April 5 (Bloomberg) -- British Airways and Polish carrier LOT said they’ll cut routes to Egypt and Air France revealed it will reduce frequencies in North Africa as political turmoil in Arab states hurts demand for air travel.
British Airways will scrap flights to the Red Sea resort of Sharm El-Sheikh from May 2, according to spokeswoman Cathy West. Polskie Linie Lotnicze LOT SA will halt services to Cairo on the same date through June 30, it said today in a statement.
BA is exiting Sharm El-Sheikh for “commercial reasons,” West said, while LOT, which will also suspend flights to Beirut and Damascus, cited “lower levels of passenger interest” amid “the unstable social-political situations in the region.”
Passenger numbers on routes to the Middle East and Africa slumped 2.5 percent last month versus a year earlier, even as the overall total rose 6.3 percent, International Consolidated Airlines Group SA, the parent company of British Airways, said today. Air France has adjusted its timetable to take account of lower demand in North Africa, spokeswoman Brigitte Barrand said.
British Airways had introduced its service from London’s Gatwick airport to Sharm El-Sheikh in October 2009. The carrier, which merged with Spain’s Iberia to form IAG in January, will retain flights from London Heathrow to Cairo, West said.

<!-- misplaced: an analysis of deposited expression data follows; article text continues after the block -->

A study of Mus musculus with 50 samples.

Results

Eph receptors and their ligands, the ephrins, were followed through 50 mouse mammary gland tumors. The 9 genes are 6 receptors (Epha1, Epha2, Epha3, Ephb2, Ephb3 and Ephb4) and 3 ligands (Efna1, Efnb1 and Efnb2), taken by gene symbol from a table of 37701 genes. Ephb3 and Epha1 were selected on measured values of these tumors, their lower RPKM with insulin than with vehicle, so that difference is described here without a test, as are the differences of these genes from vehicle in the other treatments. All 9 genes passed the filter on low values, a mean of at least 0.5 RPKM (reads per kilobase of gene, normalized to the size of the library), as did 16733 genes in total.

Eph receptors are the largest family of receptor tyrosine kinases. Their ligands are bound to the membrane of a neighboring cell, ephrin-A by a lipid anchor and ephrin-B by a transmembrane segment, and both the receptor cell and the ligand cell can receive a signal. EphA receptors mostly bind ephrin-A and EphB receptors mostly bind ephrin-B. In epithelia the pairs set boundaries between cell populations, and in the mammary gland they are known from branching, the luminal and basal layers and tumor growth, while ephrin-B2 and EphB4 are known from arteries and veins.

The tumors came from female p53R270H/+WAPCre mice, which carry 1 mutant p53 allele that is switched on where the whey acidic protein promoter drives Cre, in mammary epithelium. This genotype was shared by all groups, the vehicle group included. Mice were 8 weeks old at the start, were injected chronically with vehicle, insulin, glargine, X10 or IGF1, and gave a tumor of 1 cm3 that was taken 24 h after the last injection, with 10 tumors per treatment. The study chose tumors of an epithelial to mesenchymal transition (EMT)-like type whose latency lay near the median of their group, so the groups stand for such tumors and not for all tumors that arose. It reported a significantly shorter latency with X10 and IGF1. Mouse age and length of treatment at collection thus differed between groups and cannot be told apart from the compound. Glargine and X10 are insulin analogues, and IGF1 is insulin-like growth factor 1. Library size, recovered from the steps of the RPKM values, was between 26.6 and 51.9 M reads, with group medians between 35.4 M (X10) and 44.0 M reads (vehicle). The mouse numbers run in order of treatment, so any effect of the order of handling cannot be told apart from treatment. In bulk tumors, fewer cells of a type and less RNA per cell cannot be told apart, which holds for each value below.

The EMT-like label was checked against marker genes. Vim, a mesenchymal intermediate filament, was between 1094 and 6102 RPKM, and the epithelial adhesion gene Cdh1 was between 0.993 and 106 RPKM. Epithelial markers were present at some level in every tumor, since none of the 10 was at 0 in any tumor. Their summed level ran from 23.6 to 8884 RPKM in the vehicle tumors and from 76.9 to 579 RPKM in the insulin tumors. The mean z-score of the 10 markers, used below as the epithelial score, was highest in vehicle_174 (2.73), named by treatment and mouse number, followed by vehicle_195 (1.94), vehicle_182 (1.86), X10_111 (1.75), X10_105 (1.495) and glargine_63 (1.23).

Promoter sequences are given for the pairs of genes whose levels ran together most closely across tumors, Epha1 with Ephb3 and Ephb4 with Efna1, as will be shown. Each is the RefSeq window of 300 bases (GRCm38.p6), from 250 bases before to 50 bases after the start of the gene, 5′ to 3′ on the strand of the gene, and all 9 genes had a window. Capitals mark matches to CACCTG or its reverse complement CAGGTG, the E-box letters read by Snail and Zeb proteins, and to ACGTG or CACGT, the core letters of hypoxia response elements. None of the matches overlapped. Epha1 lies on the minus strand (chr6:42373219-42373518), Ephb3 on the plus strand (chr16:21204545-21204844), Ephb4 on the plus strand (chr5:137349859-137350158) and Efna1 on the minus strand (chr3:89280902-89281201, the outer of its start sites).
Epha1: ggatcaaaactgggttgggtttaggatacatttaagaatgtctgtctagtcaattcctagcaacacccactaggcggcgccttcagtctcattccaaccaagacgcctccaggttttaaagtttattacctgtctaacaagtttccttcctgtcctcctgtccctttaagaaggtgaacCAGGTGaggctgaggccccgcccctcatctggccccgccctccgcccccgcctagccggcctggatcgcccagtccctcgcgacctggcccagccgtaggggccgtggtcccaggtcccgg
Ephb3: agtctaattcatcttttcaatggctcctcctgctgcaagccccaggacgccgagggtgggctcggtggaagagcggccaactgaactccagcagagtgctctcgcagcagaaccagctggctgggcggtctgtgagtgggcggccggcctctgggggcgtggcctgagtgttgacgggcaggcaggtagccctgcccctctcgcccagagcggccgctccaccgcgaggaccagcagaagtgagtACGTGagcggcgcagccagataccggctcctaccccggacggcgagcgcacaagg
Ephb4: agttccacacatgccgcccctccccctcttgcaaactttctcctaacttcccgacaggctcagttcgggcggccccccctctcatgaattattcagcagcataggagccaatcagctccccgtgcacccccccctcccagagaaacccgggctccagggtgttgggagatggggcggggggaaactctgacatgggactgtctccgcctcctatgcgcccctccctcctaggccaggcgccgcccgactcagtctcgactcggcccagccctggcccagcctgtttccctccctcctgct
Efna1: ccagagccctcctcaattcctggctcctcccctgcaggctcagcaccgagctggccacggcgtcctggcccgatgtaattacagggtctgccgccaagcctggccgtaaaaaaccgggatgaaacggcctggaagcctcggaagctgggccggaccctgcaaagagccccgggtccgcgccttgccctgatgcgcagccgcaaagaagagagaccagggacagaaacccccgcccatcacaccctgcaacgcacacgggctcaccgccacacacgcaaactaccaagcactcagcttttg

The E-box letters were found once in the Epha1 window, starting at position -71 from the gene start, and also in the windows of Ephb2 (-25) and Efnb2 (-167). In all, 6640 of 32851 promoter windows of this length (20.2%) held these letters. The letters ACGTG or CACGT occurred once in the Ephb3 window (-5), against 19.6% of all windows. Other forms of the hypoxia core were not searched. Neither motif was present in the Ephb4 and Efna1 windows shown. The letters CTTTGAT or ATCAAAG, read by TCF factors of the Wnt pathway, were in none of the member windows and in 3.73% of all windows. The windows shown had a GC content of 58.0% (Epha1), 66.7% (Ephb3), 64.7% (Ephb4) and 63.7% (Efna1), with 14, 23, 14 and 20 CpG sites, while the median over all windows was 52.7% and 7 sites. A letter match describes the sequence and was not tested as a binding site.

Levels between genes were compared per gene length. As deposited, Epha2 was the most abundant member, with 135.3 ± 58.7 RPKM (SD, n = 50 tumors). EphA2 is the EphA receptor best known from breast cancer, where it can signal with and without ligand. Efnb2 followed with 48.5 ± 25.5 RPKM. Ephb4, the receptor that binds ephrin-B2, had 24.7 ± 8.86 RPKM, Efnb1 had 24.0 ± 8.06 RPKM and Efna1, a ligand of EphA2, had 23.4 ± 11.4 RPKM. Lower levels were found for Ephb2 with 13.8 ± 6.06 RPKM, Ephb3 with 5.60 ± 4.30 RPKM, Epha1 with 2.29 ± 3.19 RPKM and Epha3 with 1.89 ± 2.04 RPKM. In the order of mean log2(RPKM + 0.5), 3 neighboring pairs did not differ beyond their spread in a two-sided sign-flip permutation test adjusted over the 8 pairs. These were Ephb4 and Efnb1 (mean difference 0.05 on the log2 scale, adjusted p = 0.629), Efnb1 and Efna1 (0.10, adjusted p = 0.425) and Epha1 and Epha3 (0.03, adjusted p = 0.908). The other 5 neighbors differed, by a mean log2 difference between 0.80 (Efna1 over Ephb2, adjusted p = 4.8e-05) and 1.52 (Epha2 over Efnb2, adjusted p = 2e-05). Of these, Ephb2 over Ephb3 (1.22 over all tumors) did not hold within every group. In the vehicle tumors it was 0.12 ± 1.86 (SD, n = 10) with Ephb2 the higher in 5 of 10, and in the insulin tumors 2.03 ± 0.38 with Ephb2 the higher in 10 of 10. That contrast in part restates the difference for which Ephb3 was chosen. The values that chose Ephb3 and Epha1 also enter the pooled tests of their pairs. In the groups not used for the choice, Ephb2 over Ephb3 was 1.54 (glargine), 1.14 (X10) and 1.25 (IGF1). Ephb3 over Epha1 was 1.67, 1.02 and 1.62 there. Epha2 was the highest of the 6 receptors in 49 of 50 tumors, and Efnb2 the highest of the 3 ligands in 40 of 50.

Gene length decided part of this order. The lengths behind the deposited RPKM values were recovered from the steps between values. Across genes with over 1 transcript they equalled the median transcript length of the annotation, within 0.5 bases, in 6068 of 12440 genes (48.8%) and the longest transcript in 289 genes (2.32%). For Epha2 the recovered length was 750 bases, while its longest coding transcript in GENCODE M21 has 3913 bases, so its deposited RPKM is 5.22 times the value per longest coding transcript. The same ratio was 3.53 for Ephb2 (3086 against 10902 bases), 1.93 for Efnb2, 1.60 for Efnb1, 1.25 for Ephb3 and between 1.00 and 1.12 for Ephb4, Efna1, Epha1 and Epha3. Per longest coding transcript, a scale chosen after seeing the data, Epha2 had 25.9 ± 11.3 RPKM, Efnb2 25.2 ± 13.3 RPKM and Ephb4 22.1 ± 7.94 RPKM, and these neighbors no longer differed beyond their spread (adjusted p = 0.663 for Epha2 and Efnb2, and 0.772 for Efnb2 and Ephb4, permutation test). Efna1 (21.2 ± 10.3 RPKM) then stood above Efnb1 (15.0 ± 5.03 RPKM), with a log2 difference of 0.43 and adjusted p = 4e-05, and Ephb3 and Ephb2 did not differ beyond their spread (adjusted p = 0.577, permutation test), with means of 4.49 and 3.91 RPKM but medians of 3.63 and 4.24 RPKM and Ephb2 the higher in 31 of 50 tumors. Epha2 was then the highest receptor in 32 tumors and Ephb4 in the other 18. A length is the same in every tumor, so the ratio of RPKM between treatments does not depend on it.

LOT said operations to the Egyptian capital have been especially disrupted because of limits on night flying. The Warsaw-based company will suspend services to Lebanon from May 7 through June 23 and to Syria from May 12 through June 20.
Air France’s revised summer schedule features fewer frequencies to Tunisia, Ivory Coast and Egypt -- as well as Libya, which is currently subject to a no-fly zone -- Barrand said by telephone. The capacity freed up has been redeployed to growth markets such as Brazil and China, and overall seating is “virtually unchanged,” she said.
“Air France is of course regularly monitoring its flight figures and may reexamine its schedule during the season depending on how the situation evolves,” Barrand said.
Deutsche Lufthansa AG, Europe’s second-biggest airline, has no plans to alter its flight schedules to the Middle East, spokesman Boris Ogursky said in a telephone interview.
Unrest in Arab states cut global traffic by about 1 percent in February, the International Air Transport Association said March 29. Carriers in African countries, including Egypt and Tunisia, suffered most, with traffic dropping 13 percent compared with January levels, the industry group said.